Thieves caught on home security video
by Derek Cornet
After a security camera captured footage of two people dressed in matching tracksuits breaking into a locked vehicle early one morning last week, a Meadow Lake woman feels the public no longer owns the streets.
The morning of May 26 began as usual at the Rolfe residence on 4th Avenue West until Lesley Rolfe received a call from her husband telling her their vehicle had been broken into. Since the Rolfes have been victims of crime on several occasions in the past, last fall the family decided to install security cameras on their property to catch potential thieves in the act.
“I lived in Edmonton for 12 years and I never had to file a police report once,” Rolfe said. “Since I moved to Meadow Lake seven years ago, I’ve made six reports.”
Just after 5 a.m. on the day in question, video footage shows two individuals dressed in red tracksuits approach Rolfe’s property from the street. While one person uses a tool to unlock a vehicle and proceed to search for valuables, his or her accomplice checks for open doors on other vehicles and uses a flashlight to look inside. The accomplice also takes a moment to attempt to gain entry into the family’s garage.
“When I watched the video of them checking the doors and going through our vehicle, it was horrible,” Rolfe said. “It really shook me up. If for whatever reason the garage door had been open or they broke in, they could have come into our house while we were sleeping.”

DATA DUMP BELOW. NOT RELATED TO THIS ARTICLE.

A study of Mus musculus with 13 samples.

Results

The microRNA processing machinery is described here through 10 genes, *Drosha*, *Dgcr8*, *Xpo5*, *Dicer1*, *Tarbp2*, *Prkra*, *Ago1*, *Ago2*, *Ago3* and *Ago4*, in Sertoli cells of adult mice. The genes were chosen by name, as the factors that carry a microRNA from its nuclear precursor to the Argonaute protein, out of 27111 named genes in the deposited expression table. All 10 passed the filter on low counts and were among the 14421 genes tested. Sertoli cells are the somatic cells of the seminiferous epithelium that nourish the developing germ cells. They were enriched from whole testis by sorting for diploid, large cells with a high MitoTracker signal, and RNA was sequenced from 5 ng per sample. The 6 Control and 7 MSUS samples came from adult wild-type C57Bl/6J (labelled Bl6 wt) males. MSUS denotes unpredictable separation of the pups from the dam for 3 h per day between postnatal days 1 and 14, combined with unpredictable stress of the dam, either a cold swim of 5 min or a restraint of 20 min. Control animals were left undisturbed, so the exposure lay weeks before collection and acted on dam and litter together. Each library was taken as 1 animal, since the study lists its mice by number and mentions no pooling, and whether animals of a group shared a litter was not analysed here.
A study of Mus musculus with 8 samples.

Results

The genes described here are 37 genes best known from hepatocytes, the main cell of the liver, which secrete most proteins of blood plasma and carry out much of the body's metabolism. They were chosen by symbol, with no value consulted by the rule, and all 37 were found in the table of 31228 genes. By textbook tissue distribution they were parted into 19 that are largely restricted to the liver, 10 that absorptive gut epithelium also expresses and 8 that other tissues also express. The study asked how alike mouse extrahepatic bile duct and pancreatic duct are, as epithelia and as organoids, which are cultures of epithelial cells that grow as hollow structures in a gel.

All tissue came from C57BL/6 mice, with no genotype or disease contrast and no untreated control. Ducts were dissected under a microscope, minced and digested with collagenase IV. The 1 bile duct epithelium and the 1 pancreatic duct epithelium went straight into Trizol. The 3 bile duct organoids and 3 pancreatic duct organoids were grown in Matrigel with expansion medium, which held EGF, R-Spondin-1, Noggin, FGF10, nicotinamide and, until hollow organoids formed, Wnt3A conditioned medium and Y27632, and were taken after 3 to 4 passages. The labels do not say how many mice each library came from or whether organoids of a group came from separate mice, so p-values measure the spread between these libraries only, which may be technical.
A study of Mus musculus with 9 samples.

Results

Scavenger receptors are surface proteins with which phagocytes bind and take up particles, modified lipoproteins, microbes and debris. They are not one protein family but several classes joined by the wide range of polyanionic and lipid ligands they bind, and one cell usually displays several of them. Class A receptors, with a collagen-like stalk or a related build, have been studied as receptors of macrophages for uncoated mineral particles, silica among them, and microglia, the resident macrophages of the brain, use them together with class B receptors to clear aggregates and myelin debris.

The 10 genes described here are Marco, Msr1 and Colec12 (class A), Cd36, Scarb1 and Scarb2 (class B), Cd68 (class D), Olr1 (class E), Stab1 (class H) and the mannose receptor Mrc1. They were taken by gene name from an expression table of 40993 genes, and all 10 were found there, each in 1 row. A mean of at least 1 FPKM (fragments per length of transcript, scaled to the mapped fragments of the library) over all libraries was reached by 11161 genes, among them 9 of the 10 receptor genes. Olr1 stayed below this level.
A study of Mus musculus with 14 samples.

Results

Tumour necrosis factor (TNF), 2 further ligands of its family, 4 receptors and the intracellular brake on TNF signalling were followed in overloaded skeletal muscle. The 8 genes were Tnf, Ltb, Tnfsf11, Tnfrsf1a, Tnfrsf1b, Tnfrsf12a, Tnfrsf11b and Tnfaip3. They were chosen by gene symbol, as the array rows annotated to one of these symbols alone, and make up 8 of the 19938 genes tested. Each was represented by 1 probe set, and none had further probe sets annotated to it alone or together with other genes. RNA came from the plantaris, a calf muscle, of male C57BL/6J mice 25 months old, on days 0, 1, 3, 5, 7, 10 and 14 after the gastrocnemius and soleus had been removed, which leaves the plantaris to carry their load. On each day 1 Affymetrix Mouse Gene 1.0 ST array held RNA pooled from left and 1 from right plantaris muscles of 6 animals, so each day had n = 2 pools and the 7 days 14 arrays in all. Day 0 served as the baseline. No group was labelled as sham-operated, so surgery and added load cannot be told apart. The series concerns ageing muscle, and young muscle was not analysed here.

While the incident was reported to the Meadow Lake RCMP, Rolfe said she has little faith anything will happen. Having been victimized multiple times without justice being served, she feels the community no longer belongs to the residents. After reviewing the video, she also feels the break-in could have been the work of organized crime and she’s convinced gang activity is taking place in the city.
“I don’t know what can be done to stop it,” Rolfe said. “People are beginning to talk about taking matters into their own hands – about waiting for these people and catching them themselves.”
Rolfe also expressed her desire for the RCMP to be more proactive against crime. She feels the detachment relies on a complaint-based system, which acts on crime once it’s already been committed. Throughout the night of May 26, she claimed the street outside her home lacked any police presence.
“These people walked up to my place – without a care in the world – with bright red jumpsuits during the day,” Rolfe said. “They’re sending a message.”
Meadow Lake RCMP Cpl. Ryan How said, while the detachment has documented incidents of gang activity in the community, he’s doubtful the individuals captured on Rolfe’s camera are involved with a gang. How did note, however, he has never seen people commit a crime while wearing matching outfits.
“Whatever the rationale, we can’t say specifically,” How said. “I don’t think it’s anything to be concerned about.”
How said there’s a core group of offenders in Meadow Lake who the RCMP keeps tabs on. He also noted those on house arrest are also checked by officers to ensure they’re not breaching their conditions. In the community, How said young people are responsible for the majority of vehicle break-ins.